The Paradox of Clinical Trials (Limitless Possibilities)

The curse of the horrible diagnosis.  We would all like to believe that the latest miracle would be available to us if we or one of our loved ones needed it.  We ache for those who cannot access the miracle – or for whom the discovery will come too late.

The good news is that we live in a time unlike any other where such miracle drugs and therapies are available. With more seemingly under development by researchers across the Nation, including many being worked on here in Arizona.

In light of these discoveries and more that may soon follow, the policy debate around making these available sooner has begun.  For example, a series of state level policy efforts over the past couple of years has aimed to create state law that requires insurers and providers to make these available.  Some of these were passed by state legislatures, and in Arizona ours was approved by the voters in 2014.

Now another such effort is moving through the US Congress that would begin to forge a national answer to this issue – the 21st Century Cures Act.  Recently passed by the House Energy and Commerce Committee, the new bill would “help fund medical research and relax regulations related to the discovery, development and delivery of new drugs.”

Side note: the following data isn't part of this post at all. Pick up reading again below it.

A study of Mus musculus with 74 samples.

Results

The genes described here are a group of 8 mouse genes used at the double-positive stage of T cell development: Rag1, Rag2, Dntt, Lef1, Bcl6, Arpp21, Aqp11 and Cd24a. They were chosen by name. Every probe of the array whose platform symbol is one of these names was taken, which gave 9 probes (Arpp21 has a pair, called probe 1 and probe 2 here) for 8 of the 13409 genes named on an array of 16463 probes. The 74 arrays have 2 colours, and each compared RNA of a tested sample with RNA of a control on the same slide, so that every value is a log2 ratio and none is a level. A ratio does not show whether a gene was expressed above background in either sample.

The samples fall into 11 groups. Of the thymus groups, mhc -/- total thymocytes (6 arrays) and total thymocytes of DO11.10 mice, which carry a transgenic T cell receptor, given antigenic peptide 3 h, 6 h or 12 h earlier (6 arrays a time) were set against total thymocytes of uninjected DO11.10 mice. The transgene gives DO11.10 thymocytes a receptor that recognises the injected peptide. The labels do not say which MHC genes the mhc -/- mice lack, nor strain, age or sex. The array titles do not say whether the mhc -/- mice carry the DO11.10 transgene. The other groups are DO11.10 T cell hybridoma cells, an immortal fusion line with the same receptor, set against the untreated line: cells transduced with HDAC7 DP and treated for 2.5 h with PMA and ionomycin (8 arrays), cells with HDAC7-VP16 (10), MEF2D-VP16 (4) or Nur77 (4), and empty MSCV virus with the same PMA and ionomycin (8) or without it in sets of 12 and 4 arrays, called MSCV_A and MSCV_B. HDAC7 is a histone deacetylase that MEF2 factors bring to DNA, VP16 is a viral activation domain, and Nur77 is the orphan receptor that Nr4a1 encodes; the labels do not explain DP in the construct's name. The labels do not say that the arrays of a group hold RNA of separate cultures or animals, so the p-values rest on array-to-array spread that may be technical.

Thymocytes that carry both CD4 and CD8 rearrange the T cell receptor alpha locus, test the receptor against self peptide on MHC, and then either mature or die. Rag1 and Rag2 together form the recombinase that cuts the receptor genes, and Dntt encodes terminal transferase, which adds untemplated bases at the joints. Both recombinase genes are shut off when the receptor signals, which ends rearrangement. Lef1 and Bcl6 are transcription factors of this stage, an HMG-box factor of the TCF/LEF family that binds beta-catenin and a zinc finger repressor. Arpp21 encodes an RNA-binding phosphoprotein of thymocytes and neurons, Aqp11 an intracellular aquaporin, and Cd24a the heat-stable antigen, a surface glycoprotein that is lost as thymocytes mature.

Some see problems with these policy efforts, believing them to be more flash than substance or weakening longstanding protections against things that might do us harm. Nor is it clear that the laws that have passed have done much to increase the availability of miracles.  We don’t know of anyone who has yet benefitted from Arizona’s new law, and there are few reports of helping anyone in any of the 12 states that have passed these laws. Similar bills have been introduced in more than 20 other states.

The paradox remains that there is a shortage of folks accessing miracles through pathways that are legal and available.  By this, we are referring to clinical trials of new drugs or treatments that sponsors are trying to find patients to test, after an initial set of research that allows them to be so assessed.  Our friends in the research community tell us that they are actually facing a shortage of people willing to be part of clinical trials.

It is such a big issue that it is an ongoing topic at their leadership convenings. Here is what AzBio said about how we, in Arizona, measure up in the clinical trials landscape.

Do we need these highly political and public new laws to help diffuse the miracles to those in need?  How do we balance these with the protections that we built to protect the public from dangerous products?  Or, can we work within the law and unused opportunities to do more to promote miracles of healing?